I’ve recently been listening to a series of lectures from Muslim and Christian theologians called “A Common Word,” on the concept of “The Love of God,” where it is–frustratingly–presented by both groups as a self-evident truth. And while I appreciate the sentiment, without a theology that is firmly and exclusively rooted in the Cross, saying that “God is Love” is just that–a sentiment.
This morning, I ran across an article in Slate.com by David Plotz, which made me wonder if he had been listening to the same series. The article has the inauspicious title,“Good Book: What I Learned from Reading the Bible,” and opens:
After spending a year with the good book, I’ve become a full-on Bible thumper. Everyone should read it—all of it! In fact, the less you believe, the more you should read. Let me explain why, in part by telling how reading the whole Bible has changed me.
This certainly caught my attention. As I was blithely reading along about how the origins of many of our literary and cultural allusions can be traced to the Bible, how there are some really great stories, how it has helped him appreciate the Judaism of his youth, etc., etc., I suddenly came across the following section which violently wrenched me out of my casual morning reading:
You notice that I haven’t said anything about belief. I began the Bible as a hopeful, but indifferent, agnostic. I wished for a God, but I didn’t really care. I leave the Bible as a hopeless and angry agnostic. I’m brokenhearted about God.
After reading about the genocides, the plagues, the murders, the mass enslavements, the ruthless vengeance for minor sins (or none at all), and all that smiting—every bit of it directly performed, authorized, or approved by God—I can only conclude that the God of the Hebrew Bible, if He existed, was awful, cruel, and capricious. He gives us moments of beauty—such sublime beauty and grace!—but taken as a whole, He is no God I want to obey and no God I can love.
When I complain to religious friends about how much He dismays me, I usually get one of two responses. Christians say: Well, yes, but this is all setup for the New Testament. Reading only the Old Testament is like leaving halfway through the movie. I’m missing all the redemption. If I want to find the grace and forgiveness and wonder, I have to read and believe in the story of Jesus Christ, which explains and redeems all. But that doesn’t work for me. I’m a Jew. I don’t, and can’t, believe that Christ died for my sins. And even if he did, I still don’t think that would wash away God’s crimes in the Old Testament.
The second response tends to come from Jews, who razz me for missing the chief lesson of the Hebrew Bible, which that we can’t hope to understand the ways of God. If He seems cruel or petty, that’s because we can’t fathom His plan for us. But I’m not buying that, either. If God made me, He made me rational and quizzical. He has given me the tools to think about Him. So I must submit Him to rational and moral inquiry. And He fails that examination. Why would anyone want to be ruled by a God who’s so unmerciful, unjust, unforgiving, and unloving?”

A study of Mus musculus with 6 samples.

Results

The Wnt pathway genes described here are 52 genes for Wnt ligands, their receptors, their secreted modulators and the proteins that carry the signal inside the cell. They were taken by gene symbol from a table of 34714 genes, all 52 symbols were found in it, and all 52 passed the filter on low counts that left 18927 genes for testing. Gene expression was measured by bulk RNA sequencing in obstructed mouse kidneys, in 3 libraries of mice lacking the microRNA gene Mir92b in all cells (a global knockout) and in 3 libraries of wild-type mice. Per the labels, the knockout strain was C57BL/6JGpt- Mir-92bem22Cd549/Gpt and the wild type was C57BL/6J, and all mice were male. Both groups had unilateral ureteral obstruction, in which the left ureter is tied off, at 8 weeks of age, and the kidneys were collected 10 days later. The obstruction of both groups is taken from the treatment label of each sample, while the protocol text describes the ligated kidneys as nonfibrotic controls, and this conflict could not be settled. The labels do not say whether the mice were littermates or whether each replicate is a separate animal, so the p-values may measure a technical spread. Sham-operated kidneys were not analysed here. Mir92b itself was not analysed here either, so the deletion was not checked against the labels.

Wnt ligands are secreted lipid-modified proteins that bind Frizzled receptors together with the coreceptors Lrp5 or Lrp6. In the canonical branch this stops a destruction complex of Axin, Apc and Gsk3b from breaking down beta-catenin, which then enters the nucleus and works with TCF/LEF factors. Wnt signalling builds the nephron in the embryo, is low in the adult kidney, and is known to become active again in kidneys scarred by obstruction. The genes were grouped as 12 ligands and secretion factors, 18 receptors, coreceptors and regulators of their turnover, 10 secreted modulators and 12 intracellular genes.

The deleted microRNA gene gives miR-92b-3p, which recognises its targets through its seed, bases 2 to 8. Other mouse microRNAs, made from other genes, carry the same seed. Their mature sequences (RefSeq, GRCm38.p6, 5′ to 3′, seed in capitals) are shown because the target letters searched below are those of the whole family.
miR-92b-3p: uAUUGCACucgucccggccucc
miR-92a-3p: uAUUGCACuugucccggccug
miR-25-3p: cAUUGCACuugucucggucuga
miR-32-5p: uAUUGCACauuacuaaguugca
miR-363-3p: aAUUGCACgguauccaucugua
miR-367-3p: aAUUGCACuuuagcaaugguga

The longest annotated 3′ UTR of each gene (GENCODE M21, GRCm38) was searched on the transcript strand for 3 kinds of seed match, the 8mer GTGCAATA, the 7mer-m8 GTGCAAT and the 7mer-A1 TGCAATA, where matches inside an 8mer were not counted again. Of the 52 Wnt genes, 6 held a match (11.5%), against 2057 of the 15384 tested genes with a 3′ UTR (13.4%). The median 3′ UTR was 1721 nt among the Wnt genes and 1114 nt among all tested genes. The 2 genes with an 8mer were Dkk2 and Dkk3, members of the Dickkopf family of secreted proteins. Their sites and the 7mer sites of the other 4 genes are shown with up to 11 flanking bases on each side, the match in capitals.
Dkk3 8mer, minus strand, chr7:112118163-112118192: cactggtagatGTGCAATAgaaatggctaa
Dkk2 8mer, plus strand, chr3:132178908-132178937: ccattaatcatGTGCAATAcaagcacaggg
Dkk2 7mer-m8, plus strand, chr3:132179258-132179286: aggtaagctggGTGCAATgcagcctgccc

Having clearly expended his emotional energy on these passages, he concludes–Q.E.D.–the article with a whimpering, obligatory postmodern nod to the (supposed) intrinsic value of doubt as he, evidently, retreats back to agnosticism; however, the anger-cat is out of the bag, he has clearly played his hand, and I’m glad he did.
Sometimes it takes a complete outsider, or in this case, a self-described “lax, non-Hebrew-speaking Jew” to point out clearly the seeming absurdity of faith in a God of Love. And while his arguments are nothing new, they are gathering more and more cultural traction as people are becoming increasingly less content with the tired, pat answers for the existence of pain and suffering in light of an all-powerful God. The growing popularity of the (so-called) “new Atheist” movement is fueled, in part, by an ever-increasingly vacuous and vapid response from the Christian church.
The profession that God is Love, in the face of both experienced and recorded human history, is not a self-evident truth; it is a profession of faith, and, as Hebrews 11:1 states, “faith is the assurance of things hoped for, the conviction of things not seen.”In The Bondage of the Will, Martin Luther’s treatise against David Plotz–I mean Erasmus–he describes this in customarily stark relief:
Now, the highest degree of faith is to believe that He is merciful, though He saves so few and damns so many; to believe that He is just, though of His own will He makes us perforce proper subjects for damnation, and seems (in Erasmus’ words) ‘to delight in the torments of poor wretches and to be a fitter object for hate than for love.’ If I could by any means understand how this same God, who makes such a show of wrath and unrighteousness, can yet be merciful and just, there would be no need for faith.(101)”
Outside of the message of the Cross the statement “The Love of God” is patronizing and meaningless, and even that we proclaim–sola fide–by faith alone.